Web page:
Mice ovarian follicles exposed to extremely low frequency electromagnetic fields (ELF-EMF) fail to develop properly in many cases, according to Italian scientists involved in researching the effects of ELF-EMF on living organisms.
They found that exposure of mouse pre-antral follicles to ELF-EMF significantly reduced the development of their crucial central cavity (the antrum). The findings are published today (Tuesday 31 October) in Human Reproduction*.
The scientists – from the University of L’Aquilia and University La Sapienza in Rome – would like to see similar research on human ovarian follicles. However, in humans this is currently very difficult technically but studies in animals could be extended.
Research leader Dr Sandra Cecconi, from the University of L’Aquilia, said: “Our results raise concerns that ELF-EMF exposure might impair female reproductive potential by reducing the capacity of follicles to reach the developmental stage that is an essential prerequisite for successful reproduction.”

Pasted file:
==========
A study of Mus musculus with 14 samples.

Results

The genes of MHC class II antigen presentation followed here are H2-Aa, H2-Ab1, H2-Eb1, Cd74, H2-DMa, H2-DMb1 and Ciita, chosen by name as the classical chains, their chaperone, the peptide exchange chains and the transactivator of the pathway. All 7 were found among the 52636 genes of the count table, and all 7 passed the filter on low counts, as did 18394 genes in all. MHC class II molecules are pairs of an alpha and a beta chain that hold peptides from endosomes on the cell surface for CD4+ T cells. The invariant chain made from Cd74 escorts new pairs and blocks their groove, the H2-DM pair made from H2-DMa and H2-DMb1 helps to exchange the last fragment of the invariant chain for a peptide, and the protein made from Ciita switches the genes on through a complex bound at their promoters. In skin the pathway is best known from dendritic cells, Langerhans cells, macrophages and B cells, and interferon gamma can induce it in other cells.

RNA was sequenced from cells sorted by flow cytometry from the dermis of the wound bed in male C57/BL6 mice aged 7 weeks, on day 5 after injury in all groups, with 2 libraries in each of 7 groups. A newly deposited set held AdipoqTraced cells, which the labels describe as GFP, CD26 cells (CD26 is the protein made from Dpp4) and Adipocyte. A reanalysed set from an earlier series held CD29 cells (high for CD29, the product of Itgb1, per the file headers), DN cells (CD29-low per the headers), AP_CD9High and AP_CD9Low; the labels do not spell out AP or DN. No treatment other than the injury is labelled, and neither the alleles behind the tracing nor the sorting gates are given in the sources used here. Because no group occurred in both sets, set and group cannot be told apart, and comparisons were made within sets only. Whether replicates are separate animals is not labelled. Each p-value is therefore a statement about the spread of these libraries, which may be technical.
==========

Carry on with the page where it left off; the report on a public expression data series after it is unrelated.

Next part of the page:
People are exposed to ELF-EMF daily in the home or at work through power lines and the use of appliances such as refrigerators, washing machines and kettles, as a magnetic field is generated every time an electrical device functions and an electrical field is also present when an appliance is on standby.
They exposed isolated mouse ovarian follicles that were at the pre-antral development stage for five days to ELF-EFM at 33Hz or 50Hz frequencies. On day five, only around a third of the follicles exposed to 33Hz and half of those exposed to 50Hz developed antral cavities compared with 80% of controls.
“We don’t know yet why this happens but our results indicate ELF-EMF may affect the regulatory mechanism controlling the somatic (non-germ) cells in the follicle.”
Dr Cecconi said that more research would be needed to discover exactly how ELF-EMF was impairing the physiological process. It was also important to undertake research to see whether ELF-EMF exposure produced a similar effect on human ovarian follicles.
“At this stage we have no idea whether the same effect would be found, but it would seem prudent to investigate. But human infertility is very complex and many factors can combine to reduce fertility, and in every woman these factors are likely to be different.”